Lyft told a D.C. federal court on Tuesday that a proposed class action seeking paid sick leave for drivers with the ride-sharing service belongs in arbitration because the drivers agreed to an arbitration clause in their terms.
The company asked U.S. District Judge Ketanji Brown Jackson to order arbitration in the suit, which alleges that by withholding paid sick leave from drivers during the coronavirus pandemic, the company is forcing them to either risk their health and the health of their passengers or risk their livelihoods.
In its motion, Lyft said its agreement clearly requires arbitration to settle disputes and doesn’t allow its drivers to submit claims through class actions.
“Because plaintiff and Lyft entered into a contract with an arbitration clause, this case must be stayed and plaintiff’s claims compelled to individual arbitration,” the company said.
Former Lyft driver Cassandra Osvatics filed a complaint in May saying D.C.’s 2008 Accrued Safe and Sick Leave Act requires Lyft to provide paid sick leave to its drivers, an important measure amid the COVID-19 pandemic.
Osvatics drove for Lyft from about November 2015 to June 2018, accepting the platform’s terms almost two years after she had stopped driving using the Lyft app, according to the motion.
Lyft said Osvatics agreed to resolve any disputes with the company in arbitration when she signed up for Lyft’s service in 2015, first accepting the terms on Oct. 4, 2015, then again on Oct. 30, 2016; May 4, 2018; and May 4, 2020.
The Federal Arbitration Act “requires courts rigorously to enforce arbitration agreements according to their terms, including terms that specify with whom the parties choose to arbitrate their disputes and the rules under which that arbitration will be conducted,” the motion notes.
But the complaint argues that Lyft drivers are subject to an exemption for “contracts of employment of seamen, railroad employees, or any other class of workers engaged in foreign or interstate commerce.”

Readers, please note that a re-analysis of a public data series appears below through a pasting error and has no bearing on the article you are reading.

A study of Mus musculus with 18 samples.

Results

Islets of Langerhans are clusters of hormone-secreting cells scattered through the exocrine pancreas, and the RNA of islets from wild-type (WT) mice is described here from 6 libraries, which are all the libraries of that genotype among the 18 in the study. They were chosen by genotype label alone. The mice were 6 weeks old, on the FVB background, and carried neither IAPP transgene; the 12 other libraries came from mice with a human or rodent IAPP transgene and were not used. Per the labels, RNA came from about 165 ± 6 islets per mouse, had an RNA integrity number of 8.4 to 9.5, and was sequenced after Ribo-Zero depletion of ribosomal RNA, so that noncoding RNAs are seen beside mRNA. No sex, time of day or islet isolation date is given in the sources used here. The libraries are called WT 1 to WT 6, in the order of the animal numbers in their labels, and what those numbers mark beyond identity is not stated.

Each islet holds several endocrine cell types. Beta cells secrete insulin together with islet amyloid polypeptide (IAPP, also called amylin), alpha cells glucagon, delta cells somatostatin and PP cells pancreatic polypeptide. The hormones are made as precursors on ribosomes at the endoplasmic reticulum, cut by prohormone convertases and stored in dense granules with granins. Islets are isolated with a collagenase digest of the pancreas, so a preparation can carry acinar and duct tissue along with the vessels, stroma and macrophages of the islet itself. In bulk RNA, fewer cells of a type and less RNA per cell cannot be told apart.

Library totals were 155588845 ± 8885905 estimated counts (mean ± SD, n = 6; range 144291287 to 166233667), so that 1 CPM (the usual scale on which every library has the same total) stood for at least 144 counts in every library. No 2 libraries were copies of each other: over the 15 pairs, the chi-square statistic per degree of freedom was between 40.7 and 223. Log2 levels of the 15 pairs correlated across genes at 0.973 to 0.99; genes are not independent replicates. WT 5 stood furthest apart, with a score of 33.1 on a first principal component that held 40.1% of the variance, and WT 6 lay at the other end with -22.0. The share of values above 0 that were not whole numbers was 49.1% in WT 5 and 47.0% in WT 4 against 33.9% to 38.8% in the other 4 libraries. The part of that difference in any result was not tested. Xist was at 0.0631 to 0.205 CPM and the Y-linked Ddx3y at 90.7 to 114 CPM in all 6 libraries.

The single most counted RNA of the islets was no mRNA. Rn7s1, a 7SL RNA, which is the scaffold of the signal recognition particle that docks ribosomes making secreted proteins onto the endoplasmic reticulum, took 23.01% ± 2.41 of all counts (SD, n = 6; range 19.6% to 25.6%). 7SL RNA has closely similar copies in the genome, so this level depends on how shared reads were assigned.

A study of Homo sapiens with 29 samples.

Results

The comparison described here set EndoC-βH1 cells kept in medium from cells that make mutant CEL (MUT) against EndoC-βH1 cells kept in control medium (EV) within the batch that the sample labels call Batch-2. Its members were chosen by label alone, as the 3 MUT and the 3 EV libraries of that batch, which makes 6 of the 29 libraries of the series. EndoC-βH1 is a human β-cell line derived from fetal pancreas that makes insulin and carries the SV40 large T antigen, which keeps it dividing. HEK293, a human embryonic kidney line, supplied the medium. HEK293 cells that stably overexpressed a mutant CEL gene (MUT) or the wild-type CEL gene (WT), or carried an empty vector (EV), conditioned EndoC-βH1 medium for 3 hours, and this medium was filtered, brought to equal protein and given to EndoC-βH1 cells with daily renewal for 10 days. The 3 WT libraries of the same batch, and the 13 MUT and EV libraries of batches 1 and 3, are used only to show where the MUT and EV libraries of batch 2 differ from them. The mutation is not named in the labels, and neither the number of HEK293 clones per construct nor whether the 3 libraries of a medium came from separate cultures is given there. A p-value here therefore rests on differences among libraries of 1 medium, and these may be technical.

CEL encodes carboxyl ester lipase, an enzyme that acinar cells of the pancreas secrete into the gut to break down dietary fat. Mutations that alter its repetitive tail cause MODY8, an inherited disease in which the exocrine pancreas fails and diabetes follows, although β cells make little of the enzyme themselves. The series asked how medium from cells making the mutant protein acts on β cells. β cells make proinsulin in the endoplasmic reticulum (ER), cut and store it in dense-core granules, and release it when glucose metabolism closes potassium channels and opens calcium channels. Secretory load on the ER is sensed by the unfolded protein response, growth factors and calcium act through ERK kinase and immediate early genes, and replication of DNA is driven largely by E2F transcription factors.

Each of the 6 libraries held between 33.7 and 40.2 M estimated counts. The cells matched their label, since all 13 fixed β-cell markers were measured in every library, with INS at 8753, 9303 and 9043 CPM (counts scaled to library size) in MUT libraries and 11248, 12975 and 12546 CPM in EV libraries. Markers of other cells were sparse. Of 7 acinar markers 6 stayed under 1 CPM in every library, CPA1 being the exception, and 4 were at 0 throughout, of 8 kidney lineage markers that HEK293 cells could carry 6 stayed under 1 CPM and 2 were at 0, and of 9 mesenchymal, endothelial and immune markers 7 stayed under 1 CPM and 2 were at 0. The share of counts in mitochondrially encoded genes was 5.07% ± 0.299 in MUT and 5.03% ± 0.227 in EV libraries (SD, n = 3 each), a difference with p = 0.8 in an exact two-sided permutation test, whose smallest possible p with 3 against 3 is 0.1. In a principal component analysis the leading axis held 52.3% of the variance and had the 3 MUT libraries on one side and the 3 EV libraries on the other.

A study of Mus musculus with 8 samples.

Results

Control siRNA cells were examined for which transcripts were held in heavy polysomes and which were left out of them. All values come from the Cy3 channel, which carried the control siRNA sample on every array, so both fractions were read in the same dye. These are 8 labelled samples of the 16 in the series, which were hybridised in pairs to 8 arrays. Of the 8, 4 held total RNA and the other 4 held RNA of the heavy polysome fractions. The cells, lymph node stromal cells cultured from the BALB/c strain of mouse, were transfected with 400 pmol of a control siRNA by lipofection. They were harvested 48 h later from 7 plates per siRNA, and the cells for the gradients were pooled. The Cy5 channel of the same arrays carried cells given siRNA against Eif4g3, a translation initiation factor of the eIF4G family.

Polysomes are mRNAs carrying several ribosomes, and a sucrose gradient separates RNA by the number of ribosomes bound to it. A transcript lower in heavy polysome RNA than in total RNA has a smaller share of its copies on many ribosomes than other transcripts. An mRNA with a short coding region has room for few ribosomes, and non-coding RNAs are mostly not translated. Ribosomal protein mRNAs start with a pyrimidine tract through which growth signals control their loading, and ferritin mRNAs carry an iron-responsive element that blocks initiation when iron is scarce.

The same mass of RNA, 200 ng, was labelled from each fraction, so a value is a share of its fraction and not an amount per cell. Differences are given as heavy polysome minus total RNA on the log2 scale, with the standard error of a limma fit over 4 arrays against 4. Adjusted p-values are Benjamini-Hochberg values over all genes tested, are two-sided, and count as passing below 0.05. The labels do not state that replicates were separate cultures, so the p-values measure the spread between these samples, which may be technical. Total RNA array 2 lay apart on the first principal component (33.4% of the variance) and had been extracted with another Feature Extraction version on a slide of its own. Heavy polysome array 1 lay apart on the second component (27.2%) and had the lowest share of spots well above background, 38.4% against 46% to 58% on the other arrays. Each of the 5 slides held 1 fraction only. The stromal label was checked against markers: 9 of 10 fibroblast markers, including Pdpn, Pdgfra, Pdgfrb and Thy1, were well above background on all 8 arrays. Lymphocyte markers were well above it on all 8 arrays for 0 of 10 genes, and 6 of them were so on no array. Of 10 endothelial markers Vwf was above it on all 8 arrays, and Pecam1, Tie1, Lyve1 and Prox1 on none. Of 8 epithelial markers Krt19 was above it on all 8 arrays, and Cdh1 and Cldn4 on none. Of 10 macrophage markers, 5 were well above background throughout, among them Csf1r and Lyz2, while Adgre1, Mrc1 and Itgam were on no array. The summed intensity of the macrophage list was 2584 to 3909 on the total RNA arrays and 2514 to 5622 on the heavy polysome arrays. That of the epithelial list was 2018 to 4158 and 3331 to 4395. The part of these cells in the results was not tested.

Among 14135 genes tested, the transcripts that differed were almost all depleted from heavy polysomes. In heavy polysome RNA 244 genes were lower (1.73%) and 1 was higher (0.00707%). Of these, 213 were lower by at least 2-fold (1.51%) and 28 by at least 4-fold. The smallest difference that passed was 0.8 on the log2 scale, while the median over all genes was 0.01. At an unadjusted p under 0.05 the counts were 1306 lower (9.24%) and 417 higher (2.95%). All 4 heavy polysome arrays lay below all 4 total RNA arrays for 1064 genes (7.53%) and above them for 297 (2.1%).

That exemption is inapplicable, Lyft argued Tuesday, first because the drivers aren’t engaged in interstate commerce, as 98% of the rides using Lyft don’t cross state lines.
Secondly, Lyft argued, ride-share drivers transport passengers, while the exclusion applies to workers transporting goods in interstate commerce.
“Even if Section 1 of the FAA exempts plaintiff’s arbitration agreement with Lyft, the court must order arbitration pursuant to D.C. law, which does not contain an exception for agreements with workers engaged in interstate transportation,” Lyft said in its motion.
“We are reviewing the papers and think we have strong responses to the motion,” Osvatics’ attorney Sally J. Abrahamson told Law360 on Wednesday.
The pandemic highlights the need for paid sick leave, the complaint said, because Lyft drivers come into contact with people from all over, including those traveling to and from airports, potentially exposing drivers to the virus.
Osvatics is seeking to represent a class of drivers who work or worked for Lyft in D.C. for at least 90 days between when Lyft started operating there and the date of final judgment in the suit.
The suit asks for an injunction to bar Lyft from continuing to violate the Accrued Safe and Sick Leave Act, seeks compensation for the value of paid sick leave denied by Lyft, and damages.
The Lyft website includes a page dedicated to how riders and drivers can protect themselves from COVID-19, including health guidance from the World Health Organization and the U.S. Centers for Disease Control and Prevention.
The company said it is providing funds to those who are diagnosed with COVID-19 and helping drivers access federal funds that include paid sick leave. But Christopher M. McNerney, an attorney for Osvatics, told Law360 last month that it’s hard for drivers to get money from the fund and it doesn’t address the fundamental issue in the case: that paid sick leave is needed, with or without a pandemic.
In March, Massachusetts Uber and Lyft drivers sick with what could be the coronavirus said in another suit that they continued to pick up riders because they needed to pay their bills.
In May, a judge said that while Lyft drivers may be able to prove they are misclassified as independent contractors, they hadn’t shown they were harmed enough to justify an emergency preliminary injunction to secure paid sick leave.
Counsel for Lyft didn’t immediately respond to requests for comment.
Osvatics is represented by Sally J. Abrahamson, Mikael A. Rojas, Pooja Shethji and Christopher M. McNerney of Outten & Golden LLP.
Lyft is represented by Elaine J. Goldenberg, Rachel G. Miller-Ziegler, Rohit K. Singla and Justin P. Raphael of Munger Tolles & Olson LLP.
–Additional reporting by Lauren Berg. Editing by Haylee Pearl.